Amateur astronomers urged to take photos of comet passing earth to help Reading researchers

The comet is expected to be visible until the end of March. Credit: Damian Peach

Scientists from Reading University need help from amateur astronomers to take photos of a comet that's passing Earth.

The comet will be visible using a telescope until the end of March.

Researchers are appealing for photos they can use to track the comet's journey through the solar system.

These will be used to help collect data on solar wind conditions - and improve the forecasts of space weather.

Researchers are reassuring people that the Comet doesn't pose any danger to Earth, and is about the same distance from our planet as we are from the sun.

Scientists say the images will help to improve forecasts of space weather. Credit: Gerald Rhemann

Sarah Watson, the University of Reading PhD researcher leading the project, said: “What we are expecting to see may look rather unusual.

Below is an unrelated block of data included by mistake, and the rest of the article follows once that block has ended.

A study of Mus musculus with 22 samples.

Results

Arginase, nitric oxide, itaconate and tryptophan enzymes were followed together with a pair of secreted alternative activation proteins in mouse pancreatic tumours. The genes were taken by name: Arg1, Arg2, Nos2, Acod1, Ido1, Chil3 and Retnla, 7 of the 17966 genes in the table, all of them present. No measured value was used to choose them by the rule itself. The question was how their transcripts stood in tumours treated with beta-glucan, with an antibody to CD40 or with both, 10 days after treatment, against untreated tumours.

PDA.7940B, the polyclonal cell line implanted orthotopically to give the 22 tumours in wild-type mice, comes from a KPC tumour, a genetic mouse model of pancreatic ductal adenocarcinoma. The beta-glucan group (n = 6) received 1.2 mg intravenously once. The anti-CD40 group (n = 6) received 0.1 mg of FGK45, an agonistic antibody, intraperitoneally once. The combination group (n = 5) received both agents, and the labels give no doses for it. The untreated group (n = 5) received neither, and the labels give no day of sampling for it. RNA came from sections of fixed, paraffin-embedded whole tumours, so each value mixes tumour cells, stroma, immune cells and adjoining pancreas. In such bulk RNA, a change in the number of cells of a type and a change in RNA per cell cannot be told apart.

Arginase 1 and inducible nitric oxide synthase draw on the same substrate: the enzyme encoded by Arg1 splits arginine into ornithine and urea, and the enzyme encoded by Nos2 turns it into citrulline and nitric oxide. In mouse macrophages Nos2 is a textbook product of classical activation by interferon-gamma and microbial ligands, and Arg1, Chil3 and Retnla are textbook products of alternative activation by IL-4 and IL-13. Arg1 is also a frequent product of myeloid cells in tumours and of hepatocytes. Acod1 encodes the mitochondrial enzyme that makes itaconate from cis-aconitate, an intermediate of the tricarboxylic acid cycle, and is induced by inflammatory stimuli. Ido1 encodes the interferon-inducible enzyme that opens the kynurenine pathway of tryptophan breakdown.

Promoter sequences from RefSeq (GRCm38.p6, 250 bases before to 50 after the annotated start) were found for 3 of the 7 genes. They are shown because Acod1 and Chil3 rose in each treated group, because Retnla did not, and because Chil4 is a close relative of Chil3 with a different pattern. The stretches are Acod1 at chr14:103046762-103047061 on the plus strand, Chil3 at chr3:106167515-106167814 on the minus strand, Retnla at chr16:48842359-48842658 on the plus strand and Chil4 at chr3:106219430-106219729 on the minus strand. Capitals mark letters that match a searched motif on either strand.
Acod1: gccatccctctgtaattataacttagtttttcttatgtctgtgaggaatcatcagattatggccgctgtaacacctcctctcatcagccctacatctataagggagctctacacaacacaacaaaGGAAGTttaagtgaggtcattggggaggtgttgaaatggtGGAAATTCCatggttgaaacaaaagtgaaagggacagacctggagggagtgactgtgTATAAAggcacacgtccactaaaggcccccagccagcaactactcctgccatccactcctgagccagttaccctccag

"When we talk about comets, people often think of a large, bright sphere followed by a long thin tail.

“The comet we are observing may look different as its tail could ‘detach’ as it is buffeted by solar winds.

“We need lots of timed photos of the comet to build up a picture of its journey through our solar system.

"This is a fantastic opportunity for amateur astronomers to get out their telescopes, capture a truly spectacular cosmic moment and make a big contribution to some important science.”  


Stargazers will need a small telescope which they can attach a camera or a camera with a big lens to capture the comet.

It is expected to be in view until the end of March.

Data and images should be sent to and the best photographs will be sent to the British Astronomical Association to be archived.